Theatre scene in danger of becoming a stepping stone to Bollywood: Kalki Koechlin
The actor voices her opinion on some of the big issues that impacts theatre today; adding that we don’t utilise our local writersUpdated: Dec 06, 2019 16:08 IST
She has been a part of comedy plays like Trivial Disasters and experimental theatre like Hair, and actor Kalki Koechlin will next be seen on stage for a unique performance where all the actors play every character. “We are rehearsing for a play which is going to open in Serendipity Arts festival in Goa this month. It’s based on Anton Chekhov’s Uncle Vanya: Scenes from Country Life in Four Acts, and we’ve renamed it Sounding Vanya, because we are using a lot of music, and also, it’s an interpretation (of the original) with many actors swapping roles,” she says. Excerpts from an interview:
Could you tell us more about your role in your upcoming play?
All of us are playing all the characters at some point in the play. There are nine characters and seven actors. It’s an all-woman cast and we are playing men and women at different points.
Do you feel that strong female characters are a rarity in today’s theatre?
There are a lot of strong female characters today in theatre as compared to films. Obviously, if you look at the Shakespearean plays, that’s not the case. But, in modern contemporary drama, there’s a lot out there that focuses on women.
Do you see a differentiation between TV actors and stage actors today?
Is this a trick question (laughs)? There’s always this danger that the theatre scene will be a sort of stepping stone to Bollywood. So, you have a lot of people who are doing something that I call “drawing room theatre”, which is done better on film than in theatre. But there has to be some interpretation which makes it different from what you do in films. Just because you’re talented in one doesn’t mean you’ll be talented in the other.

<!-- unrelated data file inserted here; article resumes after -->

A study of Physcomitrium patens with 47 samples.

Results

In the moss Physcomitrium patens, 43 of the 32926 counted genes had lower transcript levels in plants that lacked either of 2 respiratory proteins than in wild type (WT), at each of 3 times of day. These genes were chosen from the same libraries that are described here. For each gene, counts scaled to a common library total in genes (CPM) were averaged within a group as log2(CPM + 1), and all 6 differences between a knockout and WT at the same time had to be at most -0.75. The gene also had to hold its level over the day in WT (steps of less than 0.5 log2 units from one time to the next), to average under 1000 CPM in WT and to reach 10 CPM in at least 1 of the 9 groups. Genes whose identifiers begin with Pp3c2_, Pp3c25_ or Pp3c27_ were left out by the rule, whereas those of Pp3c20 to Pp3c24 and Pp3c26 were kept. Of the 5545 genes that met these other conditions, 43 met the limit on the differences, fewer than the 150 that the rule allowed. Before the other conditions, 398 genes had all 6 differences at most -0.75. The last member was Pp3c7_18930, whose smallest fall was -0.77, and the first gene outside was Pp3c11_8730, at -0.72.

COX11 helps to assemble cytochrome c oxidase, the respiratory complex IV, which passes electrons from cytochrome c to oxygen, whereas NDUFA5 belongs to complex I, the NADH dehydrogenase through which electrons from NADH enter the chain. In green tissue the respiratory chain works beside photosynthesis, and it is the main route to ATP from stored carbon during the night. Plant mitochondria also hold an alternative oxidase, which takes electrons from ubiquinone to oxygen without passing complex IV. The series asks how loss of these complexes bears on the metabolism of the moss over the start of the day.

When you speak of contemporary theatre, do you see scripts which are ahead of their time?
We don’t have good local writers when it comes to theatre. People are still picking up plays from 50 years ago from abroad. We don’t use our local writers very much. The devised work is stronger in India. You have companies like Adishakti, who work from a devise point of view and not from a script point of view. Abhishek Majumdar and Neil Chowdhury are fantastic contemporary writers, but they’re few and far between.
And lastly, can an artiste survive by doing theatre alone? If not, what can be done to change this?
I don’t see myself surviving on just theatre alone (laughs). But if we need to change this, it all depends on the audience. If you charge more than ₹500, people will not come to watch a play. One of the biggest issues is that there are not enough good, well-equipped theatres all over India.
In the West, there’s a tradition of doing a play for six months to a year at the same venue. Then it becomes feasible for actors to sustain on a regular salary. We don’t have that format, which makes it expensive. It means you do a play, you put it up for a week and spend so much money on costumes, production and the set, and then you move it and fly to another city to perform. That tradition of having a play running for a long time in a city is something that is much more sustainable.